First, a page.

Thanksgiving is a holiday that is filled with myths and legends. Many societies have a day set aside to give thanks for the many blessings they enjoy. In the United States, Thanksgiving has become a time for families and friends to get together, probably eat too much, watch football and give thanks. Here are some fun facts you can share over stuffing and pumpkin pie!
While most Americans think of the Pilgrims as celebrating the first Thanksgiving in America, there are some claims that others in the New World should be recognized as first. For example, in Texas there is a marker that says, “Feast of the First Thanksgiving – 1541.”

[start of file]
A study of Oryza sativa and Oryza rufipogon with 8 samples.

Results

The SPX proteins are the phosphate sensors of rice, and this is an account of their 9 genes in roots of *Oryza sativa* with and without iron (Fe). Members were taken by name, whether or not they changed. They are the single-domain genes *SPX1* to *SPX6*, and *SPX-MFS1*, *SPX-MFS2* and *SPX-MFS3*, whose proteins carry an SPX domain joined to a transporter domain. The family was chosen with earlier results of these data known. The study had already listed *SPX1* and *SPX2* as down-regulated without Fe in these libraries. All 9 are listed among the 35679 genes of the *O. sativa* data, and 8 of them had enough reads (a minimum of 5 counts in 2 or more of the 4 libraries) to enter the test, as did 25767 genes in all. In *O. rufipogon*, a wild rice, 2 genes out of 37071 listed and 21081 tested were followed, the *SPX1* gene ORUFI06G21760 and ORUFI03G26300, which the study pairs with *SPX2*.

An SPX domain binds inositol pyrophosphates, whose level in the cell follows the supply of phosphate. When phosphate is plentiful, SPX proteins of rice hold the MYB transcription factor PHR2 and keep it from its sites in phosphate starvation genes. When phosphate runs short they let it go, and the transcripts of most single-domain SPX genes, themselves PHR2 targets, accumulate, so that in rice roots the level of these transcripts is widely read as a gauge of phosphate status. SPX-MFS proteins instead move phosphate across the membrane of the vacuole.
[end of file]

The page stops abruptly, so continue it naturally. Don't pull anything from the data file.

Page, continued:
The date of what is typically recognized as the first Thanksgiving is not precisely known though it occurred between September 21 and November 9, 1621.
The Plymouth Pilgrims dined with the Wampanoag Indians for the first Thanksgiving.
The First Thanksgiving lasted for three days as described by Edward Winslow, a participant in this historic event.
The first national celebration of Thanksgiving was declared in 1775 by the Continental Congress. This was to celebrate the win at Saratoga during the American Revolution. However, this was not an annual event.
In 1863, two national days of Thanksgiving were declared: One celebrated the Union victory at the Battle of Gettysburg. The other began the Thanksgiving holiday we still celebrate today.
The author of “Mary Had a Little Lamb,” Sarah Josepha Hale, was key in getting Thanksgiving officially recognized as a national holiday.
Each year the President officially declares a day of National Thanksgiving.
Since Harry Truman, every president has pardoned a turkey for Thanksgiving.
Blessings to all and make it a great day!